HomeNewsArticle Display

Millions of Holocaust victims remembered at Misawa

Lighting the candle

U.S. Air Force Staff Sgt. Angelica Smith, a 35th Force Support Squadron unit deployment manager and security manager, lights a candle after reading “The Last Letter” written by Esther Starobin at Misawa Air Base, Japan, May 1, 2019. Starobin’s parents wrote the letter sent from the camps in France during the Holocaust. The United States Holocaust Museum displays the letter to show what life was like for victims of the Nazi regime. (U.S. Air Force photo by Airman China M. Shock)

A prayer

Lindsey Clements, spouse of a Naval Air Facility Misawa aircraft intermediate maintenance department petty officer, leads the attendees in prayer during the Holocaust Days of Remembrance Ceremony at Misawa Air Base, Japan, May 1, 2019. The Mourner’s Kaddish is a Jewish prayer, said in the mourning period following a loved one’s passing and again each year, on the anniversary of their death. (U.S. Air Force photo by Airman China M. Shock)

Eight stories, eight candles

A ring of candles sits on a table during the Holocaust Days of Remembrance Ceremony at Misawa Air Base, Japan, May 1, 2019. Eight Airmen and family members presented stories from the Holocaust, and a candle was lit for each story. According to Airman 1st Class William Mowery, a 35th Force Support Squadron fitness center manager, it is important to remember the lives lost so that this atrocity will never happen again. (U.S. Air Force photo by Airman China M. Shock)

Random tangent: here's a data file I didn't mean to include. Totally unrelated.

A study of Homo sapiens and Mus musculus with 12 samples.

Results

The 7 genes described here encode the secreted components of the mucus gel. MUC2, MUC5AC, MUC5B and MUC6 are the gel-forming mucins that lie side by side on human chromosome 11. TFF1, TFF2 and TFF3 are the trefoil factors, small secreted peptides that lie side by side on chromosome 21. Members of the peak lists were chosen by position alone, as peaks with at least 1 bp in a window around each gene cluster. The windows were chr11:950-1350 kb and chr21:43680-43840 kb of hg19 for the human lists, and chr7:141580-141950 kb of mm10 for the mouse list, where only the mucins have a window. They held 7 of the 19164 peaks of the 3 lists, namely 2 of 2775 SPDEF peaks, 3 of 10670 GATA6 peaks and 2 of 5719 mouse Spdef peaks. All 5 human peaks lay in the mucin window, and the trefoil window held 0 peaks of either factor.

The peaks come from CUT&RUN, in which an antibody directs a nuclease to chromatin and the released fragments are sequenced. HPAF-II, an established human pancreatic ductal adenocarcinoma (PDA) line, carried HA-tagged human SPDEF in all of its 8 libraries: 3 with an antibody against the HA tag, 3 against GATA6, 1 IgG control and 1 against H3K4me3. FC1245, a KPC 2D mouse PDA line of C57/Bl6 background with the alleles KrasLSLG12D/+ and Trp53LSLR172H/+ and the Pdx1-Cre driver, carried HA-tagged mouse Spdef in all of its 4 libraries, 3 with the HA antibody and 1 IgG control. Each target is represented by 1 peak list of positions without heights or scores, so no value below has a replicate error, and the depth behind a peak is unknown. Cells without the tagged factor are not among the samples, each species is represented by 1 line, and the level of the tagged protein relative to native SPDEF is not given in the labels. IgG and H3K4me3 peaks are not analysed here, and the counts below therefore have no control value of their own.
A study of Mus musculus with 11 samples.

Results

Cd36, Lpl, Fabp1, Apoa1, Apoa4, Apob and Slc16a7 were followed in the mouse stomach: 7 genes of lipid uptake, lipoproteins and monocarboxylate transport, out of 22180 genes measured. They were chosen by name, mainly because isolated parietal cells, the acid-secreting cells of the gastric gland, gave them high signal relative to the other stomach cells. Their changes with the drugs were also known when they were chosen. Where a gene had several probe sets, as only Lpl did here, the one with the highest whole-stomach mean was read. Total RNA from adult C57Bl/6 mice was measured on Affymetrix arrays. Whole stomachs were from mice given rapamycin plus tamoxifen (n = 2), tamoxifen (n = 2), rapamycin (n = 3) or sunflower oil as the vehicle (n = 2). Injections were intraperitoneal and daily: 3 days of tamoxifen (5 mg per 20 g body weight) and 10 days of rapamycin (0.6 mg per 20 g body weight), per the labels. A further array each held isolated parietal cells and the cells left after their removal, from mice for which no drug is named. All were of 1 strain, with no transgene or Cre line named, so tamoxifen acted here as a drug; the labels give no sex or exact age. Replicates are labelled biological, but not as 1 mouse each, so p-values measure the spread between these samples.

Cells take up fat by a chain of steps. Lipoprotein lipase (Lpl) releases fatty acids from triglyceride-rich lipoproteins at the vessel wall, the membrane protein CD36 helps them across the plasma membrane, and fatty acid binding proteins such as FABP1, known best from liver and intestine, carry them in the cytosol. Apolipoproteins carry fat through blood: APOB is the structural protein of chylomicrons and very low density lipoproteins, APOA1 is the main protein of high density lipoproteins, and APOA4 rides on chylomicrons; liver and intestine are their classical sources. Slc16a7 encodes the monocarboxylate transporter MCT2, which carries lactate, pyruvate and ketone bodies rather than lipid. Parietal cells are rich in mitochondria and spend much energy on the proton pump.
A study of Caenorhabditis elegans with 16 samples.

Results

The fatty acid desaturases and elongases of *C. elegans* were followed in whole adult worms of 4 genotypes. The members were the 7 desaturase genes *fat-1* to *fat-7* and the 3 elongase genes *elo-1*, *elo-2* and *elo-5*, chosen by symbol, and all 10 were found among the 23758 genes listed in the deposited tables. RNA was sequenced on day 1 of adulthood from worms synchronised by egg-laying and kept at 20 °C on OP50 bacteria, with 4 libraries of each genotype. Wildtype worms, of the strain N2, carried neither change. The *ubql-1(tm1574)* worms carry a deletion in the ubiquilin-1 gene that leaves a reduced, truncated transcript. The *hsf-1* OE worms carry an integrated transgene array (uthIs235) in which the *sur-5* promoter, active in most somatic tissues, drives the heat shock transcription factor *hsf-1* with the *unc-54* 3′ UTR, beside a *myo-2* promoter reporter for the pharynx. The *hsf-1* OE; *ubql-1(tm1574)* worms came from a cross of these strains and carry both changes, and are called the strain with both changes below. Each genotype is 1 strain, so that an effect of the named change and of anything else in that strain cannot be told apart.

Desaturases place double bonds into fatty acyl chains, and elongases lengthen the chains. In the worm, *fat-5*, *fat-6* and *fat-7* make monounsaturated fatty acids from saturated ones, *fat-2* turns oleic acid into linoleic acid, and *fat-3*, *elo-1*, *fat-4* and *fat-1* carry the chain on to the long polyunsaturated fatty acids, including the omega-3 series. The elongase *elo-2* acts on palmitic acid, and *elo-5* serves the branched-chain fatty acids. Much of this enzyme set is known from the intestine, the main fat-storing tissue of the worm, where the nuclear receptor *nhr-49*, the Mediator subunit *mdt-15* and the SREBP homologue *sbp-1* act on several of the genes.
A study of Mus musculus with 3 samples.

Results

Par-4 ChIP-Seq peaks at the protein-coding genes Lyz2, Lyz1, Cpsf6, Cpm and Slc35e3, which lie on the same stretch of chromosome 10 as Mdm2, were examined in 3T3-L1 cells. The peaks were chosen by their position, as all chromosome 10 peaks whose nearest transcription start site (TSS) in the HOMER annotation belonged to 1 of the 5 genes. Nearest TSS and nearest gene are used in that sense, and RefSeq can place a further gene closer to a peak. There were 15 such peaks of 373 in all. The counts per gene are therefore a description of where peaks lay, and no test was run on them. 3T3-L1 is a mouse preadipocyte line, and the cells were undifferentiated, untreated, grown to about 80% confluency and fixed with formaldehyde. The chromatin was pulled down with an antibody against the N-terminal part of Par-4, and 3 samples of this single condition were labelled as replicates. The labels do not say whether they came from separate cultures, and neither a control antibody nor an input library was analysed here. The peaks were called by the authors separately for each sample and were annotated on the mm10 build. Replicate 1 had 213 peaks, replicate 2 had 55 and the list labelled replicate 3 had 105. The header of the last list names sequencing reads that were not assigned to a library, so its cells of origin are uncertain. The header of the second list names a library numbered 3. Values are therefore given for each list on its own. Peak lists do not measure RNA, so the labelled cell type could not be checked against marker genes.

One flame for one million lives

A candle representing a million lives lost burns in a room during the Holocaust Days of Remembrance Ceremony at Misawa Air Base, Japan, May 1, 2019. The purpose of the event serves as a date for official commemoration of the victims of the Nazi regime but promotes Holocaust education throughout the world. (U.S. Air Force photo by Airman China M. Shock)

MISAWA AIR BASE, Japan --

More than 50 Team Misawa Airmen commemorated the millions of lives lost in the Holocaust during Misawa Air Base’s 2019 Days of Remembrance Ceremony, May 1.

Eight speakers shared stories during the candle-lighting ceremony about individuals affected by the Holocaust with candles burning to honor countless friends and families impacted by one of the darkest periods in human history.

“It’s important we do not forget this part of history,” said Airman 1st Class William N. Mowery, a 35th Force Support Squadron fitness center manager.

Every Airman a crucial component of the mission regardless of their race, religion or ethnic group as a part of its core values.

“It’s important for Airmen to understand why we serve and to understand the legacy we have to live up to in the armed forces,” said Tech. Sgt. Jeffrey B. MacHott, the 35th Civil Engineer Squadron customer service and unit control center manager. “Knowing how people suffered in the past helps personnel understand why it is important for everyone to do their best when it comes to helping people in similar situations around the world today.”

Mowery said reflecting on the Holocaust inspires nations, like the U.S., to never let history repeat itself by opposing those similar powers in the world.

MacHott, said service members have an opportunity to be a force for change and that events like this aid in resiliency by gathering fellow military members at Misawa AB. This non-work function helped build their social resiliency, one of the four components of the Comprehensive Airman Fitness.

“Our force resiliency depends on caring for Airmen as well as their families, creating an environment where all can achieve their full potential,” said Airman 1st Class Jack Saggart, a 35th Communications Squadron network operations technician.

The six million Jews and millions of others deemed undesirable by the Nazi regime who lost their lives during the Holocaust will never be forgotten as long as Airmen like MacHott, Mowery and Saggart bring others together in their memory.